When Theo was here, I used to wonder about his philosophy. He loved his farm system. He loved the idea of bringing up cheap young players to form the basis of your team. He often referenced the Atlanta Braves, and their ability to call up one key contributor seemingly every year. There was always something that bothered me about that analogy, though. The Braves only won a single title in their decade plus of dominance. They were always very good, but seemingly never great.
I felt that was a trap that Theo fell into. He held onto his prospects like they were solid gold. He felt they were needed in the future. He wasn’t going to mortgage the future for the present. It’s a good plan, really. But like every good plan, there needs to be some flexibility in it. Dave Dombrowski seems to understand that.
Let’s look at the Red Sox right now. There’s David Ortiz playing in his final season. So, there’s the temptation to say this is an “all-in” sort of move to send him off with a ring. But, look a little further. When David Price signed, everyone kept telling be it was a deal contract because of the three-year opt out. The Sox would pay for is best years at the beginning of the contract, then he’s be on another team while he grew old. So, the Sox have a couple years left with their ace. Rick Porcello only has a few years left on his contract. Pedroia’s almost 33 years old. Hanley Ramirez has three years left on his deal. That’s a pretty big glut of stars that are short timers. And the kids? This isn’t the seventies anymore. When you have a young stud, he’s not yours for the next 20 years. You’re looking at around six years of control. Bogaerts, the Boras client, is about halfway through that.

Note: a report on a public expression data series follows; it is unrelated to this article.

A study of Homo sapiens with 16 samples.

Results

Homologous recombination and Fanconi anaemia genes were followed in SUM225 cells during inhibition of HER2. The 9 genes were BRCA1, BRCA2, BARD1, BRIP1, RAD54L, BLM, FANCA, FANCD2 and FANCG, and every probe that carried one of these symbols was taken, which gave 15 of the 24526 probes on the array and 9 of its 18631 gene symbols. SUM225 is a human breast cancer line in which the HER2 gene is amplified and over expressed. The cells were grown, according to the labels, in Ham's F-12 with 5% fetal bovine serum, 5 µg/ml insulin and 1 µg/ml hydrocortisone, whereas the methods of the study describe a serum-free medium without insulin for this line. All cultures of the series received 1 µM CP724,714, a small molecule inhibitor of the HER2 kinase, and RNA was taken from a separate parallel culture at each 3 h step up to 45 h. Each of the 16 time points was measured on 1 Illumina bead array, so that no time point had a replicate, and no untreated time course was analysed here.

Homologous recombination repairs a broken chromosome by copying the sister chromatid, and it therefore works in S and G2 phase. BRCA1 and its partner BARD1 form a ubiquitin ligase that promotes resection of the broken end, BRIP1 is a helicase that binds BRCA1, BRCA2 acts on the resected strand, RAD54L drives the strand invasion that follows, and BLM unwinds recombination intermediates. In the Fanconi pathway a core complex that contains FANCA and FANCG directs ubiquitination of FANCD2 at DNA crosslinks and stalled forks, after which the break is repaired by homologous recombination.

What’s my point?
There’s a window here. There’s about a three to five year window where the Sox can really do some damage. You know who can’t help you during that window? Anderson Espinoza. You know who can help you during that window? Drew Pomeranz can.
This wasn’t a rental. The Sox didn’t send their top pitching prospect for three months of someone. This was a trade that helps the Sox for three seasons. The three most important seasons. This is a trade that makes the Sox great right now.
Will they be good later? I have no idea. Neither do you. Maybe Espinoza is everything people think he could possibly be. Maybe he ends up being Pedro Martinez. But, by the time he gets here, the team will have practically turned over. If the Sox fill the holes with talent, the team will be good. If they fill those holes with stiffs, they won’t be. Espinoza doesn’t solve that any more than Pedro could. With so much other work to do, one player isn’t the key to it all.
If he’s the next Pedro? I’ll be bummed that I won’t get to watch him pitch every day. If he’s the one that actually comes through, unlike all the other top of the rotation talent the Sox have had in the minor leagues. But, that’ll be tempered a bit why what I assume the Sox will be able to accomplish by the time he reaches those heights. The Sox have filled three glaring holes in the last two weeks on a team that was just a couple games out of first anyway. They made themselves a force to be reckoned with. I’ll take the trade to make them great today.
I’m willing to see just how good they’ll be tomorrow.